ANNAPOLIS — The same day Senate President Thomas V. “Mike” Miller read amendments to an ethics law that was unanimously approved, a colleague was charged Friday for accepting nearly $11,000 to help get a housing project approved.

According to a criminal complaint from the U.S. District attorney’s office, Sen. Nathaniel Thomas Oaks, 70, of Baltimore, used his position to assist a minority business for a state Department of Housing and Urban Development project in the city.

Nathaniel T. Oaks
Maryland state Sen. Nathaniel T. Oaks (Courtesy of Wikimedia Commons)

Oaks allegedly conducted the acts last year when he used official letterhead to support the project, but the complaint states he made false statements about the project to a confidential informant. For his assistance, he received $10,300.

The complaint states Oaks drafted a bill and filed a bond with the state Department of Legislative Services to request a $250,000 bond toward the project. The informant gave Oaks $5,000 cash.

During a recorded March 16, 2016, conversation between Oaks and the informant, Oaks said he had “chewing gun in his mouth,” a coded phrase to convey not to openly discuss getting paid, according to the affidavit.

Oaks, who was elected to represent Baltimore’s 41st District as a state delegate in 1983, was convicted in Baltimore in 1988 of theft and misconduct in office for stealing thousands of dollars from his re-election fund. He received a five-year suspended sentence and was ordered to perform 500 hours of community service, pay a $1,000 fine and serve a three-year probation.

Even though he lost his delegate seat in early 1989, he was elected in 1994 as a state senator, serving until this year.

Oaks became the third state lawmaker charged this year in connection to bribery and conspiracy scandals.

Former Del. William A. Campos, 42, of Hyattsville, entered a plea agreement in January after he received up to $24,000 from two Prince George’s County business owners in exchange for $325,000 in grant money to entities controlled by those merchants.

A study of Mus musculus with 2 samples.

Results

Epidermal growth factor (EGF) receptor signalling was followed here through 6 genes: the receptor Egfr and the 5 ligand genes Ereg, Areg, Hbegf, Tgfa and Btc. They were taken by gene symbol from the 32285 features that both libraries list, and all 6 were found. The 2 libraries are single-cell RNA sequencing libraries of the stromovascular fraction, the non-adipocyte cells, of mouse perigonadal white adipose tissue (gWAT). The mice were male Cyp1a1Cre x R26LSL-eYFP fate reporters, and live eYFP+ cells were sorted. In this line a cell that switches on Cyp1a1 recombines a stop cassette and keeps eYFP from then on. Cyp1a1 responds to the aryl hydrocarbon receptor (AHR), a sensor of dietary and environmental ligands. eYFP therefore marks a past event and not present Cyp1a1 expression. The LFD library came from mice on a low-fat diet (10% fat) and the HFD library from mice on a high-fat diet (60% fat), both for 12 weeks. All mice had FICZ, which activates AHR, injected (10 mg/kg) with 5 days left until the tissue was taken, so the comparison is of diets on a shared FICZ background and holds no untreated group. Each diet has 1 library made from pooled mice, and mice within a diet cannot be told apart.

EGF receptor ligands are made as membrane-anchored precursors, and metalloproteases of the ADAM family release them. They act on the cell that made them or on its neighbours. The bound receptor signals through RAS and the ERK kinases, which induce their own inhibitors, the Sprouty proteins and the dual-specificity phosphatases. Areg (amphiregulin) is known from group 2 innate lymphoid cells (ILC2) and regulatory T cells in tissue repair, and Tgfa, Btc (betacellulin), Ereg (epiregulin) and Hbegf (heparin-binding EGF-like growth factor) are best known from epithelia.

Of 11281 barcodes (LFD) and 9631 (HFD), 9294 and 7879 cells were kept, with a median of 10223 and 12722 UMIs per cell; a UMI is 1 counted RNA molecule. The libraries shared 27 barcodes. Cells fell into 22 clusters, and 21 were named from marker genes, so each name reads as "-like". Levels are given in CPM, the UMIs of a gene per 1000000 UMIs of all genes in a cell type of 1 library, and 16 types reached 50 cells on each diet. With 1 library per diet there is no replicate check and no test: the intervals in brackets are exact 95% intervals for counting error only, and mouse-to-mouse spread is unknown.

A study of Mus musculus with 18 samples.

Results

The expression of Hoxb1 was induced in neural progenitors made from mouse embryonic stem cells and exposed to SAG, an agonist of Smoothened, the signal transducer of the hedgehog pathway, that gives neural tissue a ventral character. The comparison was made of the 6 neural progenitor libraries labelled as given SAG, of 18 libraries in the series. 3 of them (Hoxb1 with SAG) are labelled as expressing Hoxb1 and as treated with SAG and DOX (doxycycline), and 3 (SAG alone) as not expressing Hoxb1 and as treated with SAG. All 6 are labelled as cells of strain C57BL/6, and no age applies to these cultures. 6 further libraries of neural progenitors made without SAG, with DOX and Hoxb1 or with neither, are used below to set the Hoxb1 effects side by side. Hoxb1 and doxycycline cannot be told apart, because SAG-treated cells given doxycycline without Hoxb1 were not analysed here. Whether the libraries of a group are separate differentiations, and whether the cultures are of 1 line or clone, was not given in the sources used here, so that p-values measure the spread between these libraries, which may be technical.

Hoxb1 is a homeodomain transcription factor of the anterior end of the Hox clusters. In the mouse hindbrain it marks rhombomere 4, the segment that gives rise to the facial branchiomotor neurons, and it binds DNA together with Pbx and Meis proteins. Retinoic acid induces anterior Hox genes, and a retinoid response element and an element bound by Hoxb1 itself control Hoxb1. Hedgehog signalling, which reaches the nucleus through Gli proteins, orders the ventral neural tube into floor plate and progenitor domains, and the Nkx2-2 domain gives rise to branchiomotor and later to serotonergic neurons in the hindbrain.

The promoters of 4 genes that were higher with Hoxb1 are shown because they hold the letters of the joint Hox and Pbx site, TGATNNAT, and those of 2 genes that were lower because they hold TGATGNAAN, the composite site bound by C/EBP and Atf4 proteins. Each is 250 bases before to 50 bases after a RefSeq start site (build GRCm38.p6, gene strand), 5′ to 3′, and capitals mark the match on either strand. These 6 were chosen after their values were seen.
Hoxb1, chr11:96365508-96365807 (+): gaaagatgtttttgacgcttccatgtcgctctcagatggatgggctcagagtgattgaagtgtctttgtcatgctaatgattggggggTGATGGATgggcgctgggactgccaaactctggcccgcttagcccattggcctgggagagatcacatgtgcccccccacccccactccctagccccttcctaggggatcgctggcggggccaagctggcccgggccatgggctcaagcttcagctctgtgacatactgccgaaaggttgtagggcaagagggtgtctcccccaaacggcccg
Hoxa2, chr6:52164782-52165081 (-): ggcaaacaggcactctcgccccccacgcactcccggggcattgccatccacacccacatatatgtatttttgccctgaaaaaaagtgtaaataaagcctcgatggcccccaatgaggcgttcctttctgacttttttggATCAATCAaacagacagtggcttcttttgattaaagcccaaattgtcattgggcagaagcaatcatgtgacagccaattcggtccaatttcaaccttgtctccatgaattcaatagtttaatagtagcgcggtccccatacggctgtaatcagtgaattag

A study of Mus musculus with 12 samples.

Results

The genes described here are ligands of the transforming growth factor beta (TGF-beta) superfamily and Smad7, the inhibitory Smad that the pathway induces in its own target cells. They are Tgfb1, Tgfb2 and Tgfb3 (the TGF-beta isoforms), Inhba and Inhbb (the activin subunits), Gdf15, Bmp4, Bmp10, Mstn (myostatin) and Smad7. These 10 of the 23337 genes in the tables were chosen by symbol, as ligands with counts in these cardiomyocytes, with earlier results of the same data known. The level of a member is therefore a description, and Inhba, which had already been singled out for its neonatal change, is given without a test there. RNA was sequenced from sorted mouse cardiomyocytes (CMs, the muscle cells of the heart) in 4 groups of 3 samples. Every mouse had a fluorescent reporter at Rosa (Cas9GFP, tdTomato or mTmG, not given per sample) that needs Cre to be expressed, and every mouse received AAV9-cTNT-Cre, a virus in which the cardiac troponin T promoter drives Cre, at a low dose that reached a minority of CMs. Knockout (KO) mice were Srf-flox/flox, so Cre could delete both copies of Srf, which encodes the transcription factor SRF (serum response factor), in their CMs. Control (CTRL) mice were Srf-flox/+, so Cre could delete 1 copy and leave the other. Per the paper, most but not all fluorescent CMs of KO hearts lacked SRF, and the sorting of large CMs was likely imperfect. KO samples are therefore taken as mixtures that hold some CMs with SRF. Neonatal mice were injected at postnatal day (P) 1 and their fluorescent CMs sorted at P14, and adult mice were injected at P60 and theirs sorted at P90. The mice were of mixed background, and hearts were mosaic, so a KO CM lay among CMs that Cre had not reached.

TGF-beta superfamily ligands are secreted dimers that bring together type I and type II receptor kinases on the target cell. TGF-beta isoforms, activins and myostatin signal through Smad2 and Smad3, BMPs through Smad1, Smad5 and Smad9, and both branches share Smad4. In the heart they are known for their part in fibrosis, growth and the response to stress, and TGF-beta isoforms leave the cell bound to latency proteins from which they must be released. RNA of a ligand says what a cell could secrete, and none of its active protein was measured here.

Campos’s charges occurred when he served on the county council. He was elected as a delegate in 2014 but abruptly resigned in September 2015.

Michael L. Vaughn, 59, of Bowie, made an initial appearance in U.S. District Court in Greenbelt last month after being charged for conspiracy. He is accused of receiving  $13,000 in cash from April 2015 to April 2016 to help pass liquor legislation.

After the Senate adjourned Friday, Miller (D-District 27) of Clinton told reporters Oaks visited his office Friday before the Senate convened and decided to turn himself in to authorities.

“He and his staff left and went to turn himself in around 12 o’clock,” Miller said. “We’ve had this occurrence in Prince George’s County. … People who hold public office have to be held to a higher standard than everybody else. They’re the ones making the laws. They can’t be the lawbreaker.”

Oaks had an initial court appearance Friday at 4 p.m. Friday in U.S. District Court in Baltimore. If convicted of wire services fraud, he faces up to 20 years in prison.

One of the main amendments to the ethics bills, titled “Public Integrity Act,” would require state officials convicted of an offense to pay a $10,00 fine. The previous amount was designated at $1,000.

Sen. Jim Rosapepe (D-District 21), who represents portions of Prince George’s and Anne Arundel counties, declined to comment after the session.